Author: Jeremy O’Brien CPT
The natural process of aging can take quite a toll on our bodies. Often, the effects of years of exercise and daily activity manifest themselves in that painful, uncurable condition that is osteoarthritis. As defined, osteoarthritis constitutes the gradual deterioration of the articular cartilage lining the body’s various joints (usually the knees, hips, or fingers). After deterioration of this protective lining, bones of the joint rub against each other, causing pain and, eventually, bony cysts. Although often considered a disease of the elderly, osteoarthritis affects many age groups. In fact, by age forty 90% of the population demonstrates some symptoms of the disease. Unfortunately, physicians have historically had little to combat this so- called “wear and tear” disease, suggesting instead anti-inflammatory drugs, harsh steroids, or simply avoiding activity. In the last few years however, a supplement called glucosamine, a compound normally found in the body’s joints, has provided hope to those suffering from arthritis. But is glucosamine use backed by real science, or simply another scam aimed at the helpless consumer?


Current research on knee arthritis demonstrates conflicting results. Initial research demonstrated that glucosamine supplements decrease pain significantly, while more current literature suggests that glucosamine sulfate in combination with another compound, chond
roitin sulfate, may protect against degeneration of articular cartilage. In fact, these two points are strongly supported by a number of reputable studies. No evidence exists however linking these two compounds with the regeneration of cartilage, which was once a hope. Although research provides hope, a small number of studies refute the claim that glucosamine positively affects arthritis sufferers. Clearly, the massive research study currently being conducted by the National Institute of Health in the U.S. should help clarify the confusion.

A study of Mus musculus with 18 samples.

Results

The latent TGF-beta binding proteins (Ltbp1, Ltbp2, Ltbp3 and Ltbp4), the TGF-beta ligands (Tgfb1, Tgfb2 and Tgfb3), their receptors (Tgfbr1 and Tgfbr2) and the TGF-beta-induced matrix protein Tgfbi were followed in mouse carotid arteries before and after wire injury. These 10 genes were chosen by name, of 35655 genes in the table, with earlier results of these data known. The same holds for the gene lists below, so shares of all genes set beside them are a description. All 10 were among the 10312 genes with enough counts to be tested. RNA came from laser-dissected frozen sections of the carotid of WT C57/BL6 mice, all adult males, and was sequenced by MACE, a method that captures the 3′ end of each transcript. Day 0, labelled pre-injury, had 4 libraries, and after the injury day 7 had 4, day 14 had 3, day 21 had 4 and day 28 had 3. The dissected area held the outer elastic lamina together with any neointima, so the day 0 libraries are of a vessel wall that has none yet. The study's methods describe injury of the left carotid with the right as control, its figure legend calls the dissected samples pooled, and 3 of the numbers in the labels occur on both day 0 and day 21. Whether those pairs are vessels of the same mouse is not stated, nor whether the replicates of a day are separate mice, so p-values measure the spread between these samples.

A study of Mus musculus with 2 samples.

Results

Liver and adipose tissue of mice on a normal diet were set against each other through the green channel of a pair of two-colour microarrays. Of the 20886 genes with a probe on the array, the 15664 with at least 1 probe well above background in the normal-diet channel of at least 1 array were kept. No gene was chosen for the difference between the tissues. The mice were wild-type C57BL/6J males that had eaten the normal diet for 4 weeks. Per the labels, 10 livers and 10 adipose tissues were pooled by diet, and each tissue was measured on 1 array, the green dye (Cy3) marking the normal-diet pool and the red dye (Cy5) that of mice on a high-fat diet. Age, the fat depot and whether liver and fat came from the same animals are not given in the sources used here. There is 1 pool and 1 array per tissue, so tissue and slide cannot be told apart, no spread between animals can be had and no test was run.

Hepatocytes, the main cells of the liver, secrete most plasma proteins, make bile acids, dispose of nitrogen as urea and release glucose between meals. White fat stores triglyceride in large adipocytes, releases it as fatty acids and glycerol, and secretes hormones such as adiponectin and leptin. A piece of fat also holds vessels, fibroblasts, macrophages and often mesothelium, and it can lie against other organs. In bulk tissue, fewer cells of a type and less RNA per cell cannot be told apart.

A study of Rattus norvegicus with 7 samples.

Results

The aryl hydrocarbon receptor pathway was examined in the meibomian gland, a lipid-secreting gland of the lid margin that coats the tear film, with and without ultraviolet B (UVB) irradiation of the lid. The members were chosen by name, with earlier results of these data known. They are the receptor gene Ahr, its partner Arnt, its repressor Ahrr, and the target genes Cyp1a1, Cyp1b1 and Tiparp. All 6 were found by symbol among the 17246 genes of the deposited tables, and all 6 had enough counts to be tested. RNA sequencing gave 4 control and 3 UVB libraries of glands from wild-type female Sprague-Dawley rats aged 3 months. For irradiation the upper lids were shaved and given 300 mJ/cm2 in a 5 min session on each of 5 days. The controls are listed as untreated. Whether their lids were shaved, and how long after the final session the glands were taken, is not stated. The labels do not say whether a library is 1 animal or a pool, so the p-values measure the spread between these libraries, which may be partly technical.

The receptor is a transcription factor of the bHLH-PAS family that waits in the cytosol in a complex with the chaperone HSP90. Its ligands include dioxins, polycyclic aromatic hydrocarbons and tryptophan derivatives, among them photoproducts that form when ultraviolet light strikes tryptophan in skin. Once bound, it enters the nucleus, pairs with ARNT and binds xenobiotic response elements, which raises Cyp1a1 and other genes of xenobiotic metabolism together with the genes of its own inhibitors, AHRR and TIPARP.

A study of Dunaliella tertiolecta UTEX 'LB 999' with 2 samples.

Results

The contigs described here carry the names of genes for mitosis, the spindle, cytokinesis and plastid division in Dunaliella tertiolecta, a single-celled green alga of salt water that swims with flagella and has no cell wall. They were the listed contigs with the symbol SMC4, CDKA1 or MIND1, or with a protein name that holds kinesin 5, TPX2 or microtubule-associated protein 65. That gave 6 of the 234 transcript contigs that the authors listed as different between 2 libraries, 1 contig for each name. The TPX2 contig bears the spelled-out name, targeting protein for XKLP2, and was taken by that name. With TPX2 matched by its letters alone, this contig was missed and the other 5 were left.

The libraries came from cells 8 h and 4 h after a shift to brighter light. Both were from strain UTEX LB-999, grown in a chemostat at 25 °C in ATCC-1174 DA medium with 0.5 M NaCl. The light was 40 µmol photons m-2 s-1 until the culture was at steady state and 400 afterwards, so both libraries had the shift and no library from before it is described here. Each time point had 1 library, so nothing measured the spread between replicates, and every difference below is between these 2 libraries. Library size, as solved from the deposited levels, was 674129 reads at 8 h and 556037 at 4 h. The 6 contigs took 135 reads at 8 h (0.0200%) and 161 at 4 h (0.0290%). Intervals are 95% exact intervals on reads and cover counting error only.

The Bottom Line

Despite somewhat controversial results, current research does maintain that glucosamine supplements are likely safe. Before purchasing a product however, consult with a doctor to ensure that osteoarthritis is indeed the cause of knee pain. A myriad of other knee disorders could be the source of pain, and simple physiotherapy or orthotics could fix the problem. If osteoarthritis is the problem and you choose to supplement, choose a reputable company and opt for the liquid form of glucosamine sulfate – this form absorbs much more readily in the body.

To answer the initial question – no, glucosamine does not appear to cure arthritis, although it may very well slow its progression. The best advice for the active individual with minor joint pain is to ensure regular exercise, proper nutrition, and adequate rest. Take care of your joints and they will last you a lifetime!